GREEN BAY —Guests attending the May 31 Mass of ordination were required to take detours to St. Francis Xavier Cathedral due to road construction on Monroe Street. Fr. Ryan Starks, who was ordained to the priesthood Saturday by Bishop David Ricken, was understandably concerned about the inconvenience for family and friends, but he was able to find a silver lining in the alternate routes.
“We all have come on different paths,” he said. “I was looking at it as many obstacles for the people coming in, but there is some symbolism.”
Fr. Starks traces his path to priesthood to a Teens Encounter Christ (TEC) weekend in Kellnersville in April of 2005. The experience was life changing for the son of St. Mary Parish in Marion.
“That’s where it all started,” he said. “That was the first time in my life that I realized God’s love in a very real way.”
A group of European exchange students from Global Outreach had a profound effect on him at the retreat.
“I saw peers who loved their faith,” he said. “They were very dear to me. I remember going back to my home parish, standing up in front after Mass to do some fundraising. I wanted to go on the summer (Global Outreach) trip to Slovakia to grow more. I was a shy kid, so it wasn’t an easy thing for me to do.”
So the once shy kid now preaches to the congregation.
“Love conquers fear,” he explained. “Encountering God’s great love for me and for all of us has trumped any fear of public speaking and being in a large group. Love is a passion that you want to share with others. It doesn’t matter what’s currently in the way. I became more and more confident, even enjoying it; enjoying being with people, preaching, speaking.”
Fr. Starks has been appointed to serve as parochial vicar (associate pastor) at the Quad-Parishes on the west side of Green Bay, which include Annunciation, St. Joseph, St. Jude and St. Patrick. He looks forward to getting to know the people.
“It’s always tempting for a newly ordained to become overly zealous and say I’m going to save the world in a couple weeks,” he said. “A good piece of wisdom I’ve heard is to go in not knowing what kind of priest you’re going to be. Wait until you meet the people at the parish. Every parish has different needs. Go in being available, ready to learn, ready to be with the people. Wait for the promptings of the Holy Spirit to tell you what to do.”
Moments of grace from various experiences have prepared him for the priesthood, said Fr. Starks. He studied at St. John Vianney College Seminary in St. Paul, Minn., and Mundelein Seminary in the Chicago area. He served as an intern at St. Joseph Parish, Wautoma, while a seminarian. This past spring, as a deacon, he served weekends at St. Philip the Apostle Parish in Green Bay.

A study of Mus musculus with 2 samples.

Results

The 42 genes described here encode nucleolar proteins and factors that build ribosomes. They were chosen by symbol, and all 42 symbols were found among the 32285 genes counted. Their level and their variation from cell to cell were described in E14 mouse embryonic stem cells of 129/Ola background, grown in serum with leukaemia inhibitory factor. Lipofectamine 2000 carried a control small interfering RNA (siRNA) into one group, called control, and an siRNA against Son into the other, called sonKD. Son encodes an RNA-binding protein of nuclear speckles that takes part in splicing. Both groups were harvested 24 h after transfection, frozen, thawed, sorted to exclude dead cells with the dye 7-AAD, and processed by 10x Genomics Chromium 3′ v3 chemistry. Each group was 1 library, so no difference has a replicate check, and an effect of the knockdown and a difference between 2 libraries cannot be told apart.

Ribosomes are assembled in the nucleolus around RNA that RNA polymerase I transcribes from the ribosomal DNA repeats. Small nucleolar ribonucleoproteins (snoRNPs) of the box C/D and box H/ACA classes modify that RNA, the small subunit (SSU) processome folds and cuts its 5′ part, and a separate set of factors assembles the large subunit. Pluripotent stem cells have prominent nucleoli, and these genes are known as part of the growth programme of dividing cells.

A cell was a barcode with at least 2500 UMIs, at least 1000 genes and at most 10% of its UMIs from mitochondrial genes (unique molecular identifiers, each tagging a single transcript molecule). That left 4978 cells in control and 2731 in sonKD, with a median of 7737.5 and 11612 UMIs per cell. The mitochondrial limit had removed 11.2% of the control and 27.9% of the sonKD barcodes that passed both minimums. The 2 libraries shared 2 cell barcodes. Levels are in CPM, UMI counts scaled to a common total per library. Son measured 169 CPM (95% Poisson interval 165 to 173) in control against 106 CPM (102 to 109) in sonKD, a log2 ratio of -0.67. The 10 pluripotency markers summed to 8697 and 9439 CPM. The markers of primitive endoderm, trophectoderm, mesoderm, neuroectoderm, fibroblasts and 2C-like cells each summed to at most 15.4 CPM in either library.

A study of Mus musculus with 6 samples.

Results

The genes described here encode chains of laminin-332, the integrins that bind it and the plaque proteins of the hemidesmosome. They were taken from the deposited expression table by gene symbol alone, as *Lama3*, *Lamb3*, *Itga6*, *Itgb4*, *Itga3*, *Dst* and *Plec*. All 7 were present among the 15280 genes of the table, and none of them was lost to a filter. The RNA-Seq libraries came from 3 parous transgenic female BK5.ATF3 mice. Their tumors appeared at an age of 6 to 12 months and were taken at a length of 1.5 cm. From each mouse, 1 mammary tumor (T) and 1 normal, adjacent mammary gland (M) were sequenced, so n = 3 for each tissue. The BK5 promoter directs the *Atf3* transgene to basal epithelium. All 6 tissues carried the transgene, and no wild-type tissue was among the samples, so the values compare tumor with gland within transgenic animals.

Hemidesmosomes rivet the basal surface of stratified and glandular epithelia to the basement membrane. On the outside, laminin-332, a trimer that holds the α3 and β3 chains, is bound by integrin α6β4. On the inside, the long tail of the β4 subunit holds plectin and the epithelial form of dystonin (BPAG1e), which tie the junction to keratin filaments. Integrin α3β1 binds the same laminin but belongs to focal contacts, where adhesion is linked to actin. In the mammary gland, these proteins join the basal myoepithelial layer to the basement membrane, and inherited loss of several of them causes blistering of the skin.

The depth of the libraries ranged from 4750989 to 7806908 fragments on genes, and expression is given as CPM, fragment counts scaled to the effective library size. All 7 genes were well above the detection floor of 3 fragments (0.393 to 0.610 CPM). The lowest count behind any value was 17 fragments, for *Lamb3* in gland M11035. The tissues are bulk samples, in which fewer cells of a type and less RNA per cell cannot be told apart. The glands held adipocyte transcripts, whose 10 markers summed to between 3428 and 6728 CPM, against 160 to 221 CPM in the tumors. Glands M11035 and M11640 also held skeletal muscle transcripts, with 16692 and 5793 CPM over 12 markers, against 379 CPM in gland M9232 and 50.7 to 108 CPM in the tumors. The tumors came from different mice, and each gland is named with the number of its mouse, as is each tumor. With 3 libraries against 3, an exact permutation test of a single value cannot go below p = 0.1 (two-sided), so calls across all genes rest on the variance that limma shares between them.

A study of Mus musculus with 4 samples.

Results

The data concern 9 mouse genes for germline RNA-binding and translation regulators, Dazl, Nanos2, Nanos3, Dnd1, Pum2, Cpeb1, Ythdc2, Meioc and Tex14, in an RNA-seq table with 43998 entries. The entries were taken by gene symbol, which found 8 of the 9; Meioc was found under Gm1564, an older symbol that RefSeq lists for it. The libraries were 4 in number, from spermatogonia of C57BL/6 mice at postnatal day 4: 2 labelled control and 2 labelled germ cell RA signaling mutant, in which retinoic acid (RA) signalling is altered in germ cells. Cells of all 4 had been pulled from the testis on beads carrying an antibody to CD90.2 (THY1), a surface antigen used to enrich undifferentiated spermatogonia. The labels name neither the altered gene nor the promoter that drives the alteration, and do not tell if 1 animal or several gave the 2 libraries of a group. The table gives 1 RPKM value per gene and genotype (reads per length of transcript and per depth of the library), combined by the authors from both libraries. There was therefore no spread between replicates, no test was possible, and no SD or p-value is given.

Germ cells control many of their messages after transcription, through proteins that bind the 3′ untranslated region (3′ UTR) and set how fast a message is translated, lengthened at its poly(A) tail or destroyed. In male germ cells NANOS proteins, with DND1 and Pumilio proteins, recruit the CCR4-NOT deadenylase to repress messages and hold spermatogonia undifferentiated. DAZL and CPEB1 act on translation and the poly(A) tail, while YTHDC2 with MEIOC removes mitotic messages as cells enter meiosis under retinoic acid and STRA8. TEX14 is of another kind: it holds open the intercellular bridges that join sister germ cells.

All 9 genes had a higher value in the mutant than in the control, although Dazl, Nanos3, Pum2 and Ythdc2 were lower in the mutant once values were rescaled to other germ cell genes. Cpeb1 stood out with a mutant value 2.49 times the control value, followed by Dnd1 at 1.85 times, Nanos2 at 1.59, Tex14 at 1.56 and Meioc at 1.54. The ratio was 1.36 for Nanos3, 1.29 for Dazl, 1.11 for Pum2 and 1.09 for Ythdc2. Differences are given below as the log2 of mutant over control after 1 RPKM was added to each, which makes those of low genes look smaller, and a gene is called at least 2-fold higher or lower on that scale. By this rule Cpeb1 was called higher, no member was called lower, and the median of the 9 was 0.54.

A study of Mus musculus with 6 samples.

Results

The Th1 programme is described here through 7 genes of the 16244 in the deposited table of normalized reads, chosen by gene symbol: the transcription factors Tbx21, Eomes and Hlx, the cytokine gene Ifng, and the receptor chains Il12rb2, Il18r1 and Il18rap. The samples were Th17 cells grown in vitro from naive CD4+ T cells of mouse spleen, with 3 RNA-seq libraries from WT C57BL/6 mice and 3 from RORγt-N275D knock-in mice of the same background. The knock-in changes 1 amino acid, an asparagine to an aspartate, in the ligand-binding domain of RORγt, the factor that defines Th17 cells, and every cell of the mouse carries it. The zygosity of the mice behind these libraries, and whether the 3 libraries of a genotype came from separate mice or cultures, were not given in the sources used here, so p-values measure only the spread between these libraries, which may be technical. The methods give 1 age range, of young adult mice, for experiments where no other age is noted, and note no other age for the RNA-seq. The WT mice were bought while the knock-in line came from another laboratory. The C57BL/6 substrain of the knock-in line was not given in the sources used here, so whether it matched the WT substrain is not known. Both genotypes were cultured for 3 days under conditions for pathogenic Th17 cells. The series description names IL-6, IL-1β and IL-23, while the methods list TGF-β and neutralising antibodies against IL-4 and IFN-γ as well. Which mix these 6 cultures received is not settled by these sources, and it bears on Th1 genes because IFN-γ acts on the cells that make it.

“One of the things I enjoyed about having a year as a deacon is beginning to acclimate to becoming a public minister: assisting with Mass, reading the Gospel, preaching at times. Before and after Mass, you are with the people greeting them. It’s a great transition to begin to be that servant of God.”
Fr. Starks described his experience at St. Philip as a “great blessing to work with both the Anglo and Hispanic communities.” He studied Spanish in high school and college and took part in an immersion experience in Mexico in 2009.
“I knew that we didn’t have many priests in our diocese that speak Spanish, so over time, it became a desire of mine,” he said. “The people at St. Philip were very kind, very gracious and very patient.”
Fr. Starks is thankful for the many priests who have influenced him on his faith journey. Fr. John Girotti, who was his pastor in Marion, and Fr. Tom Long, vicar for ministers and former vocation director for the diocese, had a significant impact, he said. The two priests vested Fr. Starks at the Mass of ordination.
“Fr. Girotti told me eight years ago, ‘During the journey of seminary, there will be several priests who will impact you in several ways because every priest is different. By the end, you will have a blend of different qualities you see in the others.’ I can see that now as I look back,” said Fr. Starks. “It’s a litany of priests who have showed me the different qualities I want to embrace.”
Fr. Starks especially looks forward to sharing the sacraments of reconciliation and the Eucharist with the people of the Quad-Parishes.
“(Reconciliation) is one of God’s greatest gifts for us,” he said. “I think it’s been neglected over recent decades. To be able to share that as a priest is very humbling, but also very beautiful.
“I look forward to sharing with the people Christ’s presence in the Eucharist, a greater devotion to the Eucharist, through Mass and adoration, cultivating that relationship through the Eucharist.”
He will also embrace teaching opportunities.
“Everyone who is a disciple of Christ has a hunger to grow in their faith,” he said. “When I teach, I’m learning myself. I’m growing in my own discipleship. In terms of what that teaching will look like, it won’t necessarily be formal in a school. It may be a Bible study, a class on a certain topic or just the day-to-day catechesis formation that is deposited in everything you do. That’s something that brings me great life, preaching and sharing the beauty of our faith with others.”
Fr. Starks, who will also serve as chaplain for West Side Youth Ministry, celebrated his first Mass on June 1 at St. Mary Church in Marion. On June 7, he will celebrate the 4 p.m. Mass in Wautoma and on June 8, he will celebrate in English at 9:30 a.m. and Spanish at noon at St. Philip in Green Bay. He is where he is meant to serve, he said.
“I grew up in a small town and I can remember being in high school and thinking that I wanted to go off to a big city,” said Fr. Starks. “Over the past eight years, my desire to come back to Wisconsin has grown stronger. This is home. The Green Bay Diocese is my home.”